On Sept. 17, 1787, 39 delegates signed the document that structured the United States government and continues to shape the lives of its citizens.
The Constitution secures the principles of the Declaration of Independence. The Declaration succinctly sets forth the principles of American government, the abuses of the English monarchy, and the separation of the thirteen colonies.
Sadly, the Constitution is no longer at the heart of today’s political debates. Whether debating the power of the executive in foreign affairs, the reform of immigration laws, or the role of the Supreme Court, the Constitution and its principles are pushed to the periphery. This is dangerous for several reasons.
First, the Constitution protects liberty, forming a limited government of enumerated powers sufficient to provide for the domestic tranquility and foreign defense.
Secondly, the Constitution shapes the character of the citizenry. The liberty given to American citizens provides the space for citizens to govern their own lives, freeing them to worship God and pursue their happiness.
Third, it allows politicians to elevate policy prescriptions to the level of principles. Principles should always inform policy prescription, not vice versa. Americans have flipped these prescriptions, avoiding a hard look at harmful government policies.
Fourth, the United States Constitution is the longest lived and most successful constitution in the world. No other nation has enjoyed the prosperity and liberty of the United States nor has any other nation been governed by the same document for such a length of time. For example, there have been five republics in France since the abolition of the monarchy in 1792 and the current one was born in 1958.
Fifth, the Constitution’s structural principles of federalism and separation of powers may be used to limit an overreaching and intrusive federal government. The Constitution established a regime of enumerated powers; all others were reserved to the states.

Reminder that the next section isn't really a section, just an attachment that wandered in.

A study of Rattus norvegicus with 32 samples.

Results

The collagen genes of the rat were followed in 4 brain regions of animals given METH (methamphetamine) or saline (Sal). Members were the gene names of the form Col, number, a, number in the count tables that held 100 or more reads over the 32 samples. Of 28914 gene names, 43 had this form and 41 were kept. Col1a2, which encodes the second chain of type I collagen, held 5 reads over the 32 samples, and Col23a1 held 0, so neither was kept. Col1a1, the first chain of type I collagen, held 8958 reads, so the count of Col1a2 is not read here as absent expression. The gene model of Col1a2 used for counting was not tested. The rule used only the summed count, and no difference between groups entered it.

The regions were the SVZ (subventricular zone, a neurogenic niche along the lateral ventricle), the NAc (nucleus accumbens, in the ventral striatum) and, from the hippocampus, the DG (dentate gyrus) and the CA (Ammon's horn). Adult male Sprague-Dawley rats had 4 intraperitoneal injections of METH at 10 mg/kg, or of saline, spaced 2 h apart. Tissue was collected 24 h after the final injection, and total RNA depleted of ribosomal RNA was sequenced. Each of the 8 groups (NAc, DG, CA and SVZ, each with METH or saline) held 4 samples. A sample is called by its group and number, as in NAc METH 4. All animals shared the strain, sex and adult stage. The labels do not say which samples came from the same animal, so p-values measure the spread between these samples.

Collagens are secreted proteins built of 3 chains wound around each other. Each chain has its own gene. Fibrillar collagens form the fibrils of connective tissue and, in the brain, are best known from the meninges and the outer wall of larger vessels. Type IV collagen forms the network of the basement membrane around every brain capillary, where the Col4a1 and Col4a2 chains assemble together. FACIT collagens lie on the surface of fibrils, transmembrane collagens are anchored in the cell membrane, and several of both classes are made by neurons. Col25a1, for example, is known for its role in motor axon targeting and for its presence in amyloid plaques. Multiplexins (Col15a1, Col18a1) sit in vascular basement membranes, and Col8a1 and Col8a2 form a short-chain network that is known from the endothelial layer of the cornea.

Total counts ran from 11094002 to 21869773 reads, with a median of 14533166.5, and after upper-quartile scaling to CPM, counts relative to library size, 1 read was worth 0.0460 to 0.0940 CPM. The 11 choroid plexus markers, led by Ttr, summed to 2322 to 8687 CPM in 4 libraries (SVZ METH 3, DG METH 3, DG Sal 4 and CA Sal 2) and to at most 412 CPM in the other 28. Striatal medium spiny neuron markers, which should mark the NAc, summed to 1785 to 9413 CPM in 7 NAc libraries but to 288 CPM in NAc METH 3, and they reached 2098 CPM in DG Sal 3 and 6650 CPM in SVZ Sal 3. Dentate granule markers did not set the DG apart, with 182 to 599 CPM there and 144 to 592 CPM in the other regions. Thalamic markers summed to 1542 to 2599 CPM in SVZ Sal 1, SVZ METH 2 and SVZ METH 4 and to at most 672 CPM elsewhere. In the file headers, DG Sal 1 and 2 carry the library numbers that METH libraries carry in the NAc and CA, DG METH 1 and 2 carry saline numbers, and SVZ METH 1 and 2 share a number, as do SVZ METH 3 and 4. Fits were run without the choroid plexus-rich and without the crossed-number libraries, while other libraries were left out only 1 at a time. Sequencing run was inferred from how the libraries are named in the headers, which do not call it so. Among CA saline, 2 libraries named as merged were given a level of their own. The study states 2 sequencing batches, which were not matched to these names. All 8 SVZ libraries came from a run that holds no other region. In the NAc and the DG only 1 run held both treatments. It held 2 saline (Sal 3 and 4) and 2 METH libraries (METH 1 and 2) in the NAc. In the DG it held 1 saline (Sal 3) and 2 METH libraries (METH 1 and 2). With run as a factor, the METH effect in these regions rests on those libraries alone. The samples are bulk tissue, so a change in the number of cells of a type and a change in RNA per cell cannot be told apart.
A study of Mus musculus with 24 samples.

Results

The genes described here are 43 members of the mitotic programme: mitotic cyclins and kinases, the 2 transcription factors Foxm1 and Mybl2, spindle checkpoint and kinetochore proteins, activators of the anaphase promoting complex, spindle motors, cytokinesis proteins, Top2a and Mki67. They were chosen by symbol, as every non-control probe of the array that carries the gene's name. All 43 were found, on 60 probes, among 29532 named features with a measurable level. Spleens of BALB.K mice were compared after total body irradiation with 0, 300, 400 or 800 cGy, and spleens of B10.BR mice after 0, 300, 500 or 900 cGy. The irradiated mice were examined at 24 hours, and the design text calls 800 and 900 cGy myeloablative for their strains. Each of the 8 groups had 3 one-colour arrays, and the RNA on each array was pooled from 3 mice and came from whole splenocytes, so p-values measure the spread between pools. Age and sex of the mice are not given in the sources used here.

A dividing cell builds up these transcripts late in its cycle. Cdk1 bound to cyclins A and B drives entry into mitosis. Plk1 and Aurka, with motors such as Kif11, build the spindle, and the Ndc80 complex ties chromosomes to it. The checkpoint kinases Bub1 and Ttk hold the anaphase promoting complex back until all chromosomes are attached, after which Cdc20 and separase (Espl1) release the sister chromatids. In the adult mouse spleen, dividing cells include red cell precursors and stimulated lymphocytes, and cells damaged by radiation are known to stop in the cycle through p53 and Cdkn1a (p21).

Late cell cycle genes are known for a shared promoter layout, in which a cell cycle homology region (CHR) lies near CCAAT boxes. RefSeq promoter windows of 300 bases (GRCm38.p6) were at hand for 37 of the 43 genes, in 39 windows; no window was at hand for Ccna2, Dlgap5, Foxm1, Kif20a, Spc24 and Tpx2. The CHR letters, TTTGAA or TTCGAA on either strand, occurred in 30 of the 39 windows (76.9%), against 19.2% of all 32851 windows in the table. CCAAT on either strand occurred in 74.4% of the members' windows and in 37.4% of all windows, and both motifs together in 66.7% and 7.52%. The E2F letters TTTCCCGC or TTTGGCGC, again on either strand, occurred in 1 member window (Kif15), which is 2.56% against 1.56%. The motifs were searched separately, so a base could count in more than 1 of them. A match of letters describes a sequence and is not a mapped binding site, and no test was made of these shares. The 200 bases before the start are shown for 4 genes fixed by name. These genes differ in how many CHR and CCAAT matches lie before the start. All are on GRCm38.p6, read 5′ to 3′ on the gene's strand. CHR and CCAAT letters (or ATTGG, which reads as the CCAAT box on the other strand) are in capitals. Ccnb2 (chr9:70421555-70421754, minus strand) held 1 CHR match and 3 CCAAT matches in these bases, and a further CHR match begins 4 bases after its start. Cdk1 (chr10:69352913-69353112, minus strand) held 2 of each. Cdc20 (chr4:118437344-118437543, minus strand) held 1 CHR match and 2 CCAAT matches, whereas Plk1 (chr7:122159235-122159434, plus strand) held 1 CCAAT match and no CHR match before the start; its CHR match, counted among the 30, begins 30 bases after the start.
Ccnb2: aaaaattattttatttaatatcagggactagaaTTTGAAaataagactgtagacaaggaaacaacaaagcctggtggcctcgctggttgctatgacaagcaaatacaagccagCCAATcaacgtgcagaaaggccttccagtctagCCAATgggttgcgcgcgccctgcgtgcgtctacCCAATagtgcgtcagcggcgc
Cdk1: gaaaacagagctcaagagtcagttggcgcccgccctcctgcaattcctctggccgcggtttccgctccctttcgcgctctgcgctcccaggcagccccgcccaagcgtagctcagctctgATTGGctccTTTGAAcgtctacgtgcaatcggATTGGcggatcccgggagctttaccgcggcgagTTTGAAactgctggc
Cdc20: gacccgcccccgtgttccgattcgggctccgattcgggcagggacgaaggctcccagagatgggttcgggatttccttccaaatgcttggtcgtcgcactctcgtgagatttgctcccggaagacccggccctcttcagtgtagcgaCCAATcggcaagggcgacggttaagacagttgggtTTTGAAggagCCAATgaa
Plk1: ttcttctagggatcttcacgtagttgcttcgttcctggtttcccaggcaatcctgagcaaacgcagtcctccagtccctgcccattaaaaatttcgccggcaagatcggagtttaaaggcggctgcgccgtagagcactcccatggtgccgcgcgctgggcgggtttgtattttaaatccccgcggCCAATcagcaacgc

Separation of powers prevents tyranny and enables each branch of government to properly fulfill its role-making, enforcing, or adjudicating law. It has been abandoned with the creation of the administrative state that regularly combines the legislative, executive, and judicial powers the Founders so carefully separated and cabined.
This Constitution, written by the Framers and approved by the people, has been abandoned for what is often called the living Constitution. The argument is simple: the Framers could not anticipate modern capitalism, modern technology, or the modern definition of justice.
In other words, modern society has progressed so far that the limits placed upon the national government prevent future progress. Therefore, it is necessary for the Constitution to stretch and grow with changing times.
Progressives have both abandoned the Constitution and created the Administrative State. The limits of the Constitution were ignored to create numerous agencies to deal with the problems of modern life. These agencies often violate the unitary authority of the executive, the non-delegation doctrine of legislative authority, and separation of powers. They not only in effect create law but they also enforce and adjudicate it. Great and excessive power has been placed in the hands of fallible men.
The Constitution, however, upholds principles that are based not on material conditions but upon human nature. All men are born equal with individual rights that cannot be violated. In order to better protect their rights they consent to form governments.
The Federalist Papers present the sober view of human nature held by the Founders. Men are neither angels, removing the necessity of government, nor are they without any possibility of doing good. Therefore, a limited government is necessary to protect the rights of individuals and the best check upon the government is republicanism.
The present Supreme Court vacancy represents the chance for Americans to examine the Constitution, its structure, its underlying principles, and how it shapes the regime.
American citizens should reflect long and hard about which parties and politicians best govern in accordance with the Constitution and its limits, as well the principles of the Declaration that state all men are born equal.
It is only through a return to the Constitution and fidelity to the principles it protects that the American regime can be restored to her former glory. That is a goal Americans devoted to liberty should strive for.
Zachary Rogers is a Colorado native of rural Elbert County. He earned an AA at Pikes Peak Community College, a bachelors of history from the University of Colorado Springs with a minor in philosophy, and a masters in political theory from Hillsdale College. He has worked at GE Vital Signs, Subway, Community Banks of Colorado, and Best Buy. He has interned as an education intern at the Independence Institute, Hillsdale College Churchill Project, and as a graduate research assistant for the Hillsdale College Allan P. Kirby Jr., Center for Constitutional Studies and Citizenship.